Developing Stages: Part 5 — Make it Work

Chronicles of an interaction design student turned UI engineering intern.

Easy to say, not always easy to do.

Week 5, Day 1: Summer in the Sun

Monday started off slow because, you know, Mondays. I took the opportunity to polish up the mobile examples of the design concepts. The manager alleviated the Monday blues with a coffee break in the (freakishly warm) summer sun. With a fresh slate, it was back to work: presenting the concepts in the weekly project conference with the Americans and adding a few extra notes to the files before sending them across the pond.


  • Remember, when you’re sharing your screen in the video conference, no one can see you gesturing and pointing like a crazy person.

Week 5, Day 2: Aligning Design and Development

With a few final emails, the concepts were off to await feedback. In the meantime, I took the opportunity to begin testing some of the common interactions which appeared in multiple concepts. An interactive logo animation sounds great on paper but how well does it actually work (and does it still look good)?


  • Always, always, ALWAYS check for attachments before sending an email.
  • Listening in on a conference with the rest of the department in America reinforced the challenges that can come in aligning design and development teams within such a large organisation. UIE bridges the gap between the two and it is insightful to see the real challenges (especially when it comes to the design team, because I can see how I could cause some of the same issues).

Week 5: Day 3: One Concept to Rule Them All

We narrowed it down to three concepts each but there can only be one for the final product so now it was time to review ad consolidate. Step 1 began with analysis: picking apart each idea to find not just what we liked but why and identify problem areas. With a much firmer grasp on what we wanted, step 2 was convergence. This left us with two designs and the challenge of how to proceed with the contrast in styling and content structure between the two.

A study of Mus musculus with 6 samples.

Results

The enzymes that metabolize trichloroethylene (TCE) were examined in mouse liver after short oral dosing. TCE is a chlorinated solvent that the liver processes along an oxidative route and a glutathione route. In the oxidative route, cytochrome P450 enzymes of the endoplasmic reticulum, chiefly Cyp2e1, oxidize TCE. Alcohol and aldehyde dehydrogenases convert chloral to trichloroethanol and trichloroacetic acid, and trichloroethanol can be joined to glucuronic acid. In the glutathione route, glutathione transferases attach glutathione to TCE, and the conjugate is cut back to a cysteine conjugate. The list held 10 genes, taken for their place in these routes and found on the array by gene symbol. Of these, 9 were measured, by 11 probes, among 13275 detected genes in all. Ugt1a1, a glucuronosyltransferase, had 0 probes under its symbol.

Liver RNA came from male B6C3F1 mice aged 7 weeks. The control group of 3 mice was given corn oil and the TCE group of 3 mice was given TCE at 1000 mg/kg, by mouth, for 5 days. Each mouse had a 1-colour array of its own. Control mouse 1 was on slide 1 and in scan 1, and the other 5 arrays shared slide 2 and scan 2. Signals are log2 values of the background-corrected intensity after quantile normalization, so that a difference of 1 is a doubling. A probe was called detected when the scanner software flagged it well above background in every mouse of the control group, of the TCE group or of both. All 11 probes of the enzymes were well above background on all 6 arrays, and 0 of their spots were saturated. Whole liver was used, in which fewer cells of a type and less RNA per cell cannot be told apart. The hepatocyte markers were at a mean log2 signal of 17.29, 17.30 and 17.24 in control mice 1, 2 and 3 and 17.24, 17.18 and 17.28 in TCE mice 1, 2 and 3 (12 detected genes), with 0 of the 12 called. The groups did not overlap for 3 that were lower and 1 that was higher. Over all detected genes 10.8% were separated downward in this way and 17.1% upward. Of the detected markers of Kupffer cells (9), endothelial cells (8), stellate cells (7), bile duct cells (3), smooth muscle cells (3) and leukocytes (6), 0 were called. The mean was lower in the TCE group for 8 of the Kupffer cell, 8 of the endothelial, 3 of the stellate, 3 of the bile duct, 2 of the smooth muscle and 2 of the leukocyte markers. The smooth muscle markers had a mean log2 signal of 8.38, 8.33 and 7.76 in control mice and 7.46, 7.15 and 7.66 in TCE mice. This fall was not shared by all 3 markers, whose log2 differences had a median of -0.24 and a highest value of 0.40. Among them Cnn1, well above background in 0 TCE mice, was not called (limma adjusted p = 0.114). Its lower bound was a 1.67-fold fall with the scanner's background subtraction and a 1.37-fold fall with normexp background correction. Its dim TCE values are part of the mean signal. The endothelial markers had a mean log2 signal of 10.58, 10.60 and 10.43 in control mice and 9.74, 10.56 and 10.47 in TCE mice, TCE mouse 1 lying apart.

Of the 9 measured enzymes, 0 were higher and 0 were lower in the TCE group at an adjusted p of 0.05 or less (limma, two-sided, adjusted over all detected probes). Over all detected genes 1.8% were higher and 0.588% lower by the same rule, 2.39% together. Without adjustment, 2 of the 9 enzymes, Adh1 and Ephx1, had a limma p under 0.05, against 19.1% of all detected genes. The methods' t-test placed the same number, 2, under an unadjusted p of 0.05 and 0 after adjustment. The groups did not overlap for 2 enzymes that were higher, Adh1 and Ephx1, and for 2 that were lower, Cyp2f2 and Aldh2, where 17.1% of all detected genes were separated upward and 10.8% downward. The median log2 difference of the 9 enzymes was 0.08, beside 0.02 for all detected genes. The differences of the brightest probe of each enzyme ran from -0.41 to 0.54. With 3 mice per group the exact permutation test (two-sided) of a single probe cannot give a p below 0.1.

The challenge was solved by my design partner, who suggested we take one at a time to see how they could be improved by focusing on the points we defined during the analysis. Looking at the specifics rather than the differences between the two opened our eyes and soon there was one design to rule them all… well maybe not, but six had been narrowed down to one which we now had a much clearer idea about after talking through each decision.


  • Ah GitHub, so useful and yet so easy to consume a morning fixing merge conflicts. On the bright side, git is slowly becoming second nature.
  • There is no better way to identify problem areas or areas you hand waved without truly considering the details than talking through your design with someone else.
  • Don’t write off a design just because you don’t like it. Stop and think why. While doing so, you might also surprise yourself and find some ideas you do like.

Week 5, Day 4: Okay, Now What?

With the design fleshed out a bit more, we still have to figure out how to actually make the thing. That means more wireframing and pooling our coding knowledge to find solutions. Some question marks still remain but a good start before I have to leave for the intern breakfast (afternoon tea/video conference for us across the pond) with Allstate’s head of technology.


  • It’s okay not to worry about the code while sketching but make sure your designs are as resilient and flexible as possible. Anything relying on gimmicks should be weeded out at an early stage. That way even if the weird stuff isn’t feasible the design still holds up and it makes the next steps (figuring out how to make it work) much less stressful.

Week 5, Day 5: Piecing Together the Puzzle

It’s only the temporary design team (a.k.a me and the placement student) in our corner of the office today but we’re a bit in the dark when it comes to some aspects of the code. Still, looking at yesterday’s leftover problems with fresh eyes brings fresh ideas and it will be a matter of ironing out the particulars (not always simple, but it’s a start). Then it’s splitting up the work to start creating some example prototypes for next week.


  • Figuring out how to make something work isn’t always about being a coding expert, sometimes it’s no different then the same problem solving you use for designs.